In parenting, in gardening, in planning a vacation…in a majority of the everyday tasks we do, beginning with the end in mind is the smart thing to do. It just makes sense. It doesn’t mean you’ll be able to accomplish the envisioned end, but it means you’ll have a clear idea of when you’re not getting there. It doesn’t mean you’ll know how to get there, but it guides you into the kinds of learning you’ll need to do to get there.
Beginning with the end in mind when it comes to the local church’s mission to make disciples is a noble goal. It’s wise. Prudent. Better than a shotgun approach. And yet it’s insanely difficult for one local church to, together, narrow in on what Scripture says a disciple looks like.
Richard Foster’s helpful book, Streams of Living Water, characterizes six “streams” of Christianity. Gary Thomas’ book, Sacred Pathways, details nine ways that you and I connect to God. And local churches, regardless of denomination, are no longer homogenous in regards what people expect of discipleship. Individual members of churches may have great sway in shaping what that particular congregation envisions a disciple to be. Whether through decisions on programming or a leader’s own spiritual formation, a local church begins to hammer out what it means to be a disciple. And these are just a few of the factors that go into the discussion.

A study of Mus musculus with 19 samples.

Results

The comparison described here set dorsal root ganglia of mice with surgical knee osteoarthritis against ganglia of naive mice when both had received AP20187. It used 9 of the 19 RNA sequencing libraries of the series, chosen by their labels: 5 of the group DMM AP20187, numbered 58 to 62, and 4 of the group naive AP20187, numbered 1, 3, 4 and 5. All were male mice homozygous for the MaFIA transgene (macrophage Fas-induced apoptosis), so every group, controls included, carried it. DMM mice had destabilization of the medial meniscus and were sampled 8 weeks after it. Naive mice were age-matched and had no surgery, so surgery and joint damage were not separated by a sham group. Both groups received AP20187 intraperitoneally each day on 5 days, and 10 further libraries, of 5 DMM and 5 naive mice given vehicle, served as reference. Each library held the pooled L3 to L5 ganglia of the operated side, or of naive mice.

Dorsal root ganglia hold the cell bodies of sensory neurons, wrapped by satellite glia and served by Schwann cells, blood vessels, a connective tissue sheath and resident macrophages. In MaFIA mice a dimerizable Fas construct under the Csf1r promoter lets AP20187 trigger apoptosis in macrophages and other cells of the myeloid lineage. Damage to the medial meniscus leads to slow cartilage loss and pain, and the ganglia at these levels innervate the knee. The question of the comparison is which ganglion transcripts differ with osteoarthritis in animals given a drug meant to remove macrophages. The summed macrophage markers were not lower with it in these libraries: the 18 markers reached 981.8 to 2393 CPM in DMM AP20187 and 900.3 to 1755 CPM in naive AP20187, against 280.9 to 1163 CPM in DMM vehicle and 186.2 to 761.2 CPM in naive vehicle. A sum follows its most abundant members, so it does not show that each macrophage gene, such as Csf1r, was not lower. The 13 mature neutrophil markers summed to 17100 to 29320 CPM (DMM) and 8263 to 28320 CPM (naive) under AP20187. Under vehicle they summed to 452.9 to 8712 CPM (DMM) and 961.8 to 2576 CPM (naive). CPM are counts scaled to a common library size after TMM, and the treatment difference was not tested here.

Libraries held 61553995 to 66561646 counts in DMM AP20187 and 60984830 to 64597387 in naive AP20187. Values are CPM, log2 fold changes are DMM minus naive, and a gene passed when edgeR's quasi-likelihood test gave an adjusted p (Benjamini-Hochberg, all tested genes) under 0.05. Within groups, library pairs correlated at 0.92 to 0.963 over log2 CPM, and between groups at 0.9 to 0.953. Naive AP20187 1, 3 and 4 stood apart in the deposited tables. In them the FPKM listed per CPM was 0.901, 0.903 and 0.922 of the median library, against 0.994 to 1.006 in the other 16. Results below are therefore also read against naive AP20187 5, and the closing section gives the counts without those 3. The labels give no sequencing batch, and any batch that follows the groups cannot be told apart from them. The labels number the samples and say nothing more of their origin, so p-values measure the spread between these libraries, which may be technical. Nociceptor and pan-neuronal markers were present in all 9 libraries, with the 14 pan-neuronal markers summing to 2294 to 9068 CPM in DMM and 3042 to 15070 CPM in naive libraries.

One other factor might be this: Is it practical to think this way? Prudent? Yes. But practical? No. It is far more practical to “do church” and hope that what we produce is men and women who look and act like Jesus.
In this next series of posts, I’m attempting to buck practicality and lay out a vision for who a disciple is and what kinds of fruit he or she produces. The ontological (being) and teleological (doing) aspects of discipleship.
The first ontological aspect:
Jesus’ disciples become disciples because He calls them. They are called. They answer his call to follow by dropping everything even though they do not understand fully the ramifications of following Him. They find their worth in the calling Jesus has placed on their lives, not in how others have turned them down in the past (Matt. 4:18-22).
Jesus tells His disciples just before His death that He chose them; they did not choose Him. While I think those words are limited to the original twelve, Christ continues to call us to Himself. We do not decide to become disciples out of the blue; we do not sign up for taking up a cross and dying to self because that sounds nice. We answer the call because it is Christ who calls us, and we have chosen to trust Him, even if it is with faith the size of a mustard seed.
Christ calls everyone on the planet to discipleship. His call is not limited to a few, His grace is not limited to a few. There may be few who answer, but all are called.